ADHD,ADHD Parents,Adult ADHD

More Than Medication for treating ADHD18 Nov

Sarah Ferman, Psy.D., L.M.F.T.

While medication is often essential to the treatment and management of ADHD, there are several key strategies that must also be in place in order to maximize the outcome of your  medication regimen and optimize your success. Three essential strategies for people with ADHD are adding some type of physical exercise to their life, increasing protein intake to power the brain, and avoiding foods that render many ADHD medications inactive.

We all know that exercise is good for our bodies, but did you know that it is also good for your brain? I often tell my patients that exercise is like a tiny dose of natural Ritalin.  Exercise and ADHD medications both have something in common, they both almost immediately elevate dopamine and norepinepherine in the brain.   In turn, this helps the brain to quiet down impulsivity, decrease the need for instant gratification, as well as wake up the executive function in the pre-frontal cortex of the brain. Waking up the pre-frontal cortex provides mental space between thoughts and actions, and therefore gives you more time to evaluate consequences and make better decisions.  In addition, exercise has been shown to improve mood, decrease problems with sleep as well as decrease stress and restlessness. Exercise is an essential part of treating and regulating ADHD.

Did you know you might be eating foods that actually render your medication useless! Have you ever had a morning where you just can’t figure out why your medication isn’t working like it normally does?  The facts are simple here. Certain foods, especially those high in Citric Acid or/or high in Vitamin C (also called Ascorbic Acid), decrease or renders many popular ADHD medications inactive. So if you are taking stimulant medication with orange juice in the morning, you have just canceled out part of the effect of that dose of medication. Another culprit are multivitamins, if you take your ADHD medications in the morning, you would be wise to take your multivitamins in the evening. I recommend you limit your intake of juice, soda, and lemonade to the evenings only.  In addition, read the labels of your favorite snack bar and breakfast cereal, you might be surprised to find lots of vitamin C in those products as well.  Mornings for most individuals with ADHD are tough enough, so avoid those foods or beverages in the A.M. and you’ll find that things just work better.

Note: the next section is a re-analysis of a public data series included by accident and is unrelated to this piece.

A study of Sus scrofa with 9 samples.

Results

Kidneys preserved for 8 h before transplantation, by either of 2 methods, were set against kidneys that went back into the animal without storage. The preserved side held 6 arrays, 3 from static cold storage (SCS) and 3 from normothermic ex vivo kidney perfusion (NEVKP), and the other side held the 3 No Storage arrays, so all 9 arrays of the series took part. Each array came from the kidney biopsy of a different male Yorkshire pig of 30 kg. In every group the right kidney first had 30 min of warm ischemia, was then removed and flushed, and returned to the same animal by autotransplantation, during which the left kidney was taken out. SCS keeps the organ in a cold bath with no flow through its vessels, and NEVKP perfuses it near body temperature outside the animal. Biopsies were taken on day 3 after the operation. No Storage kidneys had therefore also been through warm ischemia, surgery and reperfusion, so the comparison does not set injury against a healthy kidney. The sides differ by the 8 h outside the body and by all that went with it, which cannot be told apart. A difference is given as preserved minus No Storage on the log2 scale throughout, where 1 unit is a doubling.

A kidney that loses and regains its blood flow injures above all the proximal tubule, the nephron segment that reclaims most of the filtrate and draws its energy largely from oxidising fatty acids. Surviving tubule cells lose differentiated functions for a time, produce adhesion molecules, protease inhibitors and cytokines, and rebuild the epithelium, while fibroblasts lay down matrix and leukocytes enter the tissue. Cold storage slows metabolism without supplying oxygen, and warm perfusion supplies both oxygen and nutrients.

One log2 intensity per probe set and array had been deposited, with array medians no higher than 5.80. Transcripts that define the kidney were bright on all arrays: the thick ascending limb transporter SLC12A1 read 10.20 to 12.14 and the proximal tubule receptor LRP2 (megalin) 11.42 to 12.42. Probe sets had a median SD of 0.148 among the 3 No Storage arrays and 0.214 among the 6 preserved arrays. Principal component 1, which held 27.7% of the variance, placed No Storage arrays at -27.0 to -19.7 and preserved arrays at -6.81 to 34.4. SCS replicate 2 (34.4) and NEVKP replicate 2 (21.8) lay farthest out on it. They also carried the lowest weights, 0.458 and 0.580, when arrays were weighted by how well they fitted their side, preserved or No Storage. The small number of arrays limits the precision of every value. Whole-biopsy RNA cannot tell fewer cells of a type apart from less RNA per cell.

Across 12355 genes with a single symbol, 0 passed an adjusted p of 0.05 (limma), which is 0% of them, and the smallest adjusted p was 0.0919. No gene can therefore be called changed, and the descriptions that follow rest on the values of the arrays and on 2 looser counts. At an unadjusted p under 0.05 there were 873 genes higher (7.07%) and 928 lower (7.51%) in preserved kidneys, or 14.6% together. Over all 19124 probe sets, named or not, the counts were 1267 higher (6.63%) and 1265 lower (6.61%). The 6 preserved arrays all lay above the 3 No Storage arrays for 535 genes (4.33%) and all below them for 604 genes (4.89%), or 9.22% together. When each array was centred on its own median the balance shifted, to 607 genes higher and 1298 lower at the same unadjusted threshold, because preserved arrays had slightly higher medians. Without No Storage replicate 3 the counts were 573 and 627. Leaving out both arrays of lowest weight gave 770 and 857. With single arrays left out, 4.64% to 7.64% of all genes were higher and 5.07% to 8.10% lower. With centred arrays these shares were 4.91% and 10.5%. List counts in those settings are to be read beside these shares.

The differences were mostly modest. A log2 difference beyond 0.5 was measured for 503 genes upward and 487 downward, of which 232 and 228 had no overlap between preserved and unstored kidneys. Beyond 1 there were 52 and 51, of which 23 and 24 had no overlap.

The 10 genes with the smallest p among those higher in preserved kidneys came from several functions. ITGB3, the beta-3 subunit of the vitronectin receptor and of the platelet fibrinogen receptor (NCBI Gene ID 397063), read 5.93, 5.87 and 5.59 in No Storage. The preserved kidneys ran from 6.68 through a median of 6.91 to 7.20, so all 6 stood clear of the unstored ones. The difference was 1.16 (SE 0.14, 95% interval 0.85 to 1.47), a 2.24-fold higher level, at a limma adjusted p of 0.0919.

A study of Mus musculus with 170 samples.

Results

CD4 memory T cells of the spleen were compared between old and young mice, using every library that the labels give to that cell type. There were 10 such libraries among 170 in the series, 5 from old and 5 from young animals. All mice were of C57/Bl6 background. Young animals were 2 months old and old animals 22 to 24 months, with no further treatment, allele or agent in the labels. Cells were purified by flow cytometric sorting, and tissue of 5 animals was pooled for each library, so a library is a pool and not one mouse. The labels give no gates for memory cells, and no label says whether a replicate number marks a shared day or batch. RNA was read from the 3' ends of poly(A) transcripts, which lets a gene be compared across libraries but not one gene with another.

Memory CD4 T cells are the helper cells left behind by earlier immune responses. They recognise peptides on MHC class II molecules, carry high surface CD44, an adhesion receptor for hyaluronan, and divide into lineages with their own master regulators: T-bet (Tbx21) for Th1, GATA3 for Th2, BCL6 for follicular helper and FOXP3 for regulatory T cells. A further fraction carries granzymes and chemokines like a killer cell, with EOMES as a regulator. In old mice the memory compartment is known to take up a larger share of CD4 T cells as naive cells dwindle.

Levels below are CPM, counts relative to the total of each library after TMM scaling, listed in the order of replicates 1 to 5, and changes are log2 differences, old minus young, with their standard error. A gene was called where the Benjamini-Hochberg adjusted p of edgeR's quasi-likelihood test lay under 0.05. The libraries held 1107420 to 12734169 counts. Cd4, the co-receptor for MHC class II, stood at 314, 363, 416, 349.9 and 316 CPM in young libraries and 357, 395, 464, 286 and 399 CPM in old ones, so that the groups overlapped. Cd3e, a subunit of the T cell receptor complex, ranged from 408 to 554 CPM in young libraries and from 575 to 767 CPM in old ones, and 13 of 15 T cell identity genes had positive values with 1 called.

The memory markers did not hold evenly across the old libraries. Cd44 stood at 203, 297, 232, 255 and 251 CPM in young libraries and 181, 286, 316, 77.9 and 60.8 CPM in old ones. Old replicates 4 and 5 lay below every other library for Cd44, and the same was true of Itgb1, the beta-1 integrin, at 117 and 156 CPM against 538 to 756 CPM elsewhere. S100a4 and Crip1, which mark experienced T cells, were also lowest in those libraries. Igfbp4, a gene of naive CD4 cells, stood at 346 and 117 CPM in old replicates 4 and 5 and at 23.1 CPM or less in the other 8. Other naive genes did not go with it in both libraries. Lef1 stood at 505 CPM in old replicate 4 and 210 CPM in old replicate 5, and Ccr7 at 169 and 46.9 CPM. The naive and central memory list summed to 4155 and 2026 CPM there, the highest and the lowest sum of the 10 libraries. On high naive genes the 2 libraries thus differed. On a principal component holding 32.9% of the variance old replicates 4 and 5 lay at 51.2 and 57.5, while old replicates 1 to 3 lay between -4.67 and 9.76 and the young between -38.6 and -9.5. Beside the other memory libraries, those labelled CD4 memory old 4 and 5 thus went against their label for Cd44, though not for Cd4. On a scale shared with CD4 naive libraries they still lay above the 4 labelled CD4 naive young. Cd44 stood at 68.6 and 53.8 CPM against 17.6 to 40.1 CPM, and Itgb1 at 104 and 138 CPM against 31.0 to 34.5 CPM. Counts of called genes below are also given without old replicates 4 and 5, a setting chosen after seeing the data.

How about foods you should be eating?  The science here is pretty straight forward. Most medications for ADHD work on the regulation of Dopamine in the brain. Protein and foods that contain protein provide the body with the essential building blocks for the production of Dopamine in the body. If you are not eating enough protein (especially in the morning when your brain’s gas tank is on empty) then you are not providing your brain with what it needs to produce Dopamine. Without protein, the ADHD medications just don’t work as well. Increase your intake of dietary protein and you increase your medications ability to help your brain function better. An easy rule of thumb is protein clarifies thoughts and carbohydrates cloud thoughts.  That does not mean eliminate “carbs” all together. It does mean taking a good look at how much high quality protein you are taking in and how many sugary high carbohydrates could be avoided. 

Living with ADHD can be greatly improved with a few simple steps. First, get regular exercise like walking or riding a bike.  Second, avoid foods that contain Vitamin C or high amounts of Citric Acid one hour before and after taking your ADHD medication.  Finally, give your brain some protein, especially in the morning and avoid empty carbohydrate calories, and you will give your brain a terrific performance boost. 


Often medical, testing and counseling services are all separately owned and located practices. It just does not make sense to have to travel from one location to another to treat the same condition. Besides the issue of time and travel, how cohesive and effective is care being delivered in multiple locations by multiple, unrelated providers who don’t have time to talk to each other?